Nor have Windows tablet prices been competitive. "The $349 is where they should have started," said King, of this month's $150 price cut to the Surface RT line, a move that forced Microsoft to take a $900 million charge against earnings as it accounted for the discount and the overstock that drove it.
Microsoft has taken corrective steps, including the Surface RT price cut and a deal with the U.S. electronic retail chain Best Buy that will balloon the number of outlets selling Surface.
"Microsoft will be back," said King, ticking off the company's strengths, including a large war chest and this fall's free Windows 8.1 upgrade. "But for them, it's 'Okay, back to the drawing board,'" he added, noting that in the meantime Microsoft will have lost 12 months in its fight to claw out a significant share.
Some of the factors involved in the decline of share in Apple- and Windows-marked tablets, however, will not be easily addressed.
Android tablets, especially the cut-rate white box units, have a stranglehold on the low-priced segment. "Outside the U.S. and Europe, sales are driven by the low-cost models, not because they're great, because they're not, but because people [in those markets] don't have as much disposable income," said King.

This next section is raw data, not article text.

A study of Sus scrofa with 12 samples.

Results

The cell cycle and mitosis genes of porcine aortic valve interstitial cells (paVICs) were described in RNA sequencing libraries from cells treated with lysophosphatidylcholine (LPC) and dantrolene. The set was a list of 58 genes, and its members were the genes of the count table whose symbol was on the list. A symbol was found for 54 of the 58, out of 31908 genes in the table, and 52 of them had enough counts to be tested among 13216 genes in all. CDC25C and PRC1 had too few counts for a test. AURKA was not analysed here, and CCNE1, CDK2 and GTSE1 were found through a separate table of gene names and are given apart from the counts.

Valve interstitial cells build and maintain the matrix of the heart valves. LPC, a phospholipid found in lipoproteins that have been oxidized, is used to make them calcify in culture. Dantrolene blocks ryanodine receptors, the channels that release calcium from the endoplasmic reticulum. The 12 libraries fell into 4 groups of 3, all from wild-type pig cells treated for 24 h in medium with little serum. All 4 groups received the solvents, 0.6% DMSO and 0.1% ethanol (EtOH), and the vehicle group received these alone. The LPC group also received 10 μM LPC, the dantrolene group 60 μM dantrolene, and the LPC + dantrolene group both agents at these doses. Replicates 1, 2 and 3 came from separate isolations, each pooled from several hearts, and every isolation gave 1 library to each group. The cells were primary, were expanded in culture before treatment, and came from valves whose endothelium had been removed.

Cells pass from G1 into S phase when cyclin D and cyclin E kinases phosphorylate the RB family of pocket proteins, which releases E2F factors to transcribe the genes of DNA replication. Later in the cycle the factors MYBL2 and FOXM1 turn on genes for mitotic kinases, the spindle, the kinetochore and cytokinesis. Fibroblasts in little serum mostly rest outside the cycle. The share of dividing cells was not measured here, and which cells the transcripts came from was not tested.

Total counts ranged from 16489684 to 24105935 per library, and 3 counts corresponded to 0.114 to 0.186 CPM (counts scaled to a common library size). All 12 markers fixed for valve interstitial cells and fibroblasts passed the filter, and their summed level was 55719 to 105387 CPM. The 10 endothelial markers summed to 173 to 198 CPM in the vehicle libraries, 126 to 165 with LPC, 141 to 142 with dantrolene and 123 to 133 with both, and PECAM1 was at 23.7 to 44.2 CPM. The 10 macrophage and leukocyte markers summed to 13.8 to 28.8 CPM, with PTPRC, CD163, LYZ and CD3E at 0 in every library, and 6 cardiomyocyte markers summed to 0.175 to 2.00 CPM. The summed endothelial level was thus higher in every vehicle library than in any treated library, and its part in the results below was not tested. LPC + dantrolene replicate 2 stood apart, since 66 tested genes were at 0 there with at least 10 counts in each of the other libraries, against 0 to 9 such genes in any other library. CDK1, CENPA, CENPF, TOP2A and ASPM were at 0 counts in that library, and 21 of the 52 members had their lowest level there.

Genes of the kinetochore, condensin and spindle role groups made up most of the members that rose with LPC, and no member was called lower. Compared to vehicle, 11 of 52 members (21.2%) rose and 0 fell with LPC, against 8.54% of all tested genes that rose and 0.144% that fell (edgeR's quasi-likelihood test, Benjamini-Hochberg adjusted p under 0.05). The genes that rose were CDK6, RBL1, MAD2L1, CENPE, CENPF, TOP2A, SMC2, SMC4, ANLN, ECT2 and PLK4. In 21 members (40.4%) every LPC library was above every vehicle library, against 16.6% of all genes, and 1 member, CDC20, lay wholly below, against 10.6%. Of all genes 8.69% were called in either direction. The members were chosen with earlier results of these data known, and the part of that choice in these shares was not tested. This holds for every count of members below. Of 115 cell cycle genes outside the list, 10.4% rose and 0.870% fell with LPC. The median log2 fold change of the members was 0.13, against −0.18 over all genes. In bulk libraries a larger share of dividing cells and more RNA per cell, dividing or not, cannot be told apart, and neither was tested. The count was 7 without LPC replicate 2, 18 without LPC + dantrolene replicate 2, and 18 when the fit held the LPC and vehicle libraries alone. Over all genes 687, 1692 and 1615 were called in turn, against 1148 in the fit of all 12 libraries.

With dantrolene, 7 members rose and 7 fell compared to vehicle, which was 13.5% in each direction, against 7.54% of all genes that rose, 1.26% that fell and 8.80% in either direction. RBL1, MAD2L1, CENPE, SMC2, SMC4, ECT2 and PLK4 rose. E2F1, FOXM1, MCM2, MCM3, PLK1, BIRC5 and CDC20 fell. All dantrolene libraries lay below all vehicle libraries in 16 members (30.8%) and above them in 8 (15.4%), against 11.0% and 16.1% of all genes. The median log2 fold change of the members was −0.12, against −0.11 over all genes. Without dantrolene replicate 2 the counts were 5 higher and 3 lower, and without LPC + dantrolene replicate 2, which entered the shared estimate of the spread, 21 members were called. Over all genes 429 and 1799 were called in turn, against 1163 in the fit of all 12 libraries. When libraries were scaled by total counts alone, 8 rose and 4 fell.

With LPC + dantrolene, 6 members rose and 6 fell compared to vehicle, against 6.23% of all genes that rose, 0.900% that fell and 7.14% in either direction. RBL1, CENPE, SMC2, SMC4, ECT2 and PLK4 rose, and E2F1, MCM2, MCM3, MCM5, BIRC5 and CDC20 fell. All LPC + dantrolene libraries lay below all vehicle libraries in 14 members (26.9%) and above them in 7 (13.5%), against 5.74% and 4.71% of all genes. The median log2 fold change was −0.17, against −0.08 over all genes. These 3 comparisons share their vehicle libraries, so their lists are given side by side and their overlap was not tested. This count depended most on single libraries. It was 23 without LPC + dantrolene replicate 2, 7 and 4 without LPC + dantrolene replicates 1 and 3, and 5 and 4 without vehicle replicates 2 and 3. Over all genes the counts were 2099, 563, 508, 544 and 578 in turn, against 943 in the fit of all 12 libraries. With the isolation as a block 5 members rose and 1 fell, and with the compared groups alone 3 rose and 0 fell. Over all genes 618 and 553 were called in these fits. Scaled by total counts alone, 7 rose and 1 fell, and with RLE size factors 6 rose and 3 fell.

The cut-throat price war in tablets has prompted analysts to call for Apple to consider discounting the iPad Mini, the company's $329 7.9-in. tablet, to $249.
Minus cost cuts and discounts -- far from a given by either Apple or Microsoft -- there's no chance either company will shove Android aside as the share leader, said King, parroting other analysts who have said Google's operating system will remain dominant for the foreseeable future.
Strategic Analytics based its early tablet estimates on polls of vendors, publicly-released data and supply chain checks. Its numbers represent "sell-in," or tablet shipments, not final sales.